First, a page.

The Braves announced Monday morning that they’ve signed right-hander Reynaldo Lopez to a three-year contract that will guarantee him $30MM. The CAA client will be paid $4MM in 2024 and $11MM in both 2025 and 2026. There’s an $8MM club option for the 2027 season with a $4MM buyout.
Lopez becomes the fifth name added to the Braves’ bullpen mix since their season ended, joining re-signed righties Joe Jimenez (three years, $26MM) and Pierce Johnson (two years, $14.25MM) and trade acquisitions Aaron Bummer and Jackson Kowar. Interestingly, however, Justin Toscano of the Atlanta Journal-Constitution tweets that the Braves will have Lopez prepare as a starting pitcher this winter.
While the club isn’t necessarily penciling Lopez into the 2024 rotation, the Braves believe he can have success in either role and ramping him down from starting to relieving is of course easier than the inverse. Lopez’s specific role may not be determined until the spring, but it’s certainly notable that there’s at least a chance he’ll get another look as a starter with his new club.
Lopez, 30 in January, has plenty of experience in both roles but hasn’t had much success as a starting pitcher. Once one of the sport’s top pitching prospects, he went from the Nationals to the White Sox alongside Lucas Giolito and Dane Dunning in the 2016 trade sending Adam Eaton back to Washington. While he gave the White Sox 32 starts and 188 innings of 3.91 ERA ball in 2018, he did so with shaky peripherals. On the whole, Lopez carries a lifetime 3.01 ERA out of the bullpen but a much rockier 4.73 mark as a starter.
Lopez’s career took off, in earnest, with a full-time move to the bullpen — a role in which he’s excelled for the past two seasons, albeit in different ways. The flamethrowing righty had a rough start in ’22 but was one of the sport’s most dominant bullpen arms over that season’s final four months, logging a 1.54 ERA, 28.8% strikeout rate and 3.1% walk rate from early June through season’s end. Overall, his 2022 campaign ended with a sterling 2.76 ERA, a slightly above-average strikeout rate (24.8%) and an elite walk rate (4.3%).
In 2023, Lopez’s run prevention was again strong (3.27 ERA), but he took a different route to get there. Brandishing a fastball that was now averaging a blistering 98.4 mph — a 1.3 mph increase over the prior season’s already-strong 97.1 mph — Lopez punched out a huge 29.9% of his opponents. However, his 12.2% walk rate was nearly triple that of the prior season. He all but abandoned his curveball, throwing it at just a 1.2% clip (after 7.2% in 2022).
The 2023 version of Lopez was effectively a two-pitch pitcher: blazing fastball and hard slider (with a seldom-used changeup and curveball). He has, however, had seasons where he’s thrown both his change and his hook at a 20% clip or higher, so there’s certainly a diverse enough collection of pitches in his arsenal to succeed as a starter — if the Braves can coax better and more consistent results from his secondary offerings. If Lopez were to work as a starter, it’s only natural to think his fastball velocity would drop a tick, but he’s still have well above-average heat regardless.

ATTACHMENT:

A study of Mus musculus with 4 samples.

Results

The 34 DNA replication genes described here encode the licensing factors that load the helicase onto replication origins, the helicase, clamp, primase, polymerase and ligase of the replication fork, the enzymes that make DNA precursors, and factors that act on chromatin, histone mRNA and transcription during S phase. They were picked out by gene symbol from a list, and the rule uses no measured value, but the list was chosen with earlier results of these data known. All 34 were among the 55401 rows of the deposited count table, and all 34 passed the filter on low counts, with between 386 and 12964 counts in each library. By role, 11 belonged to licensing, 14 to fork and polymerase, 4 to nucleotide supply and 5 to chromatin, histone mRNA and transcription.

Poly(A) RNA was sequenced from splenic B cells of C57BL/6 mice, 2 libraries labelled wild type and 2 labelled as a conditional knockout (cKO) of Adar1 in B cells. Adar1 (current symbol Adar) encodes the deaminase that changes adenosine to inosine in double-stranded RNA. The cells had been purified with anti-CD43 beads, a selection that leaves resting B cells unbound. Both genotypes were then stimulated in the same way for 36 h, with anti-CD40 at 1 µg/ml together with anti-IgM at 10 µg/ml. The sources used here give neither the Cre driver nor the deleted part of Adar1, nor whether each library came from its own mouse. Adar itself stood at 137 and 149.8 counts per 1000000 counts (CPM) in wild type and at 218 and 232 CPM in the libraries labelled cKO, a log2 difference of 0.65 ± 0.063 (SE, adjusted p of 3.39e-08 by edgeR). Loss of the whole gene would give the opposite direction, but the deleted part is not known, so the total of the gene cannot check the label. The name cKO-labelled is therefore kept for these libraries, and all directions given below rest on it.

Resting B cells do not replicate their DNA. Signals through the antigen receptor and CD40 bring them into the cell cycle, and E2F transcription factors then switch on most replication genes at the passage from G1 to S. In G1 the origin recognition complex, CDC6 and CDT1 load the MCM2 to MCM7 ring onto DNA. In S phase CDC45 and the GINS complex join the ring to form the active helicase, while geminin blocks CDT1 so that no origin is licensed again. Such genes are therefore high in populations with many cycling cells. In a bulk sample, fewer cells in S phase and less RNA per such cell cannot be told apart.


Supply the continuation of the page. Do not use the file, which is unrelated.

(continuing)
To an extent, it’s possible that Lopez’s ultimate usage in 2024 depends on the remainder of Atlanta’s offseason. As things stand, the Braves’ rotation includes Spencer Strider, Max Fried, Charlie Morton and Bryce Elder. There’ll be competition for that fifth spot, likely including Lopez but also featuring top prospect AJ Smith-Shawver, veteran Ian Anderson (who’ll be returning from Tommy John surgery), southpaw Dylan Dodd and righty Huascar Ynoa. The Braves have been linked to some free agents of note thus far, and if they succeed in signing Sonny Gray or acquiring another veteran starter, that’d likely push Lopez more firmly into the bullpen.
If Lopez ends up in his more familiar bullpen role, he’ll join a comically deep group. In addition to the aforementioned Jimenez, Johnson and Bummer, the Braves will deploy Raisel Iglesias, A.J. Minter and Tyler Matzek in what’s shaping up to be one of the most experienced and most talented collection of relief arms in the Majors.
Lopez’s $4MM salary for the 2024 season pushes the Braves’ payroll up to around $207MM, per Roster Resource’s projections. However, while its backloaded nature spares Atlanta some bottom-line payroll in the upcoming season, the contract still comes with a much heftier $10MM luxury-tax hit, as all luxury calculations are based on a deal’s average annual value.
The $10MM AAV on Lopez’s contract pushes the Braves squarely into luxury-tax territory, as they’re now at about $241.6MM of luxury considerations — comfortably north of this year’s $237MM luxury barrier. They also paid the luxury tax last season, meaning their penalty levels will rise. Rather than a 20% dollar-for-dollar tax, they’ll now pay a 30% tax (with increasing penalties if they surpass the threshold by more than $20MM total). They’re also in line for even harsher penalties come 2025, as third-time payors face even steeper rates of taxation.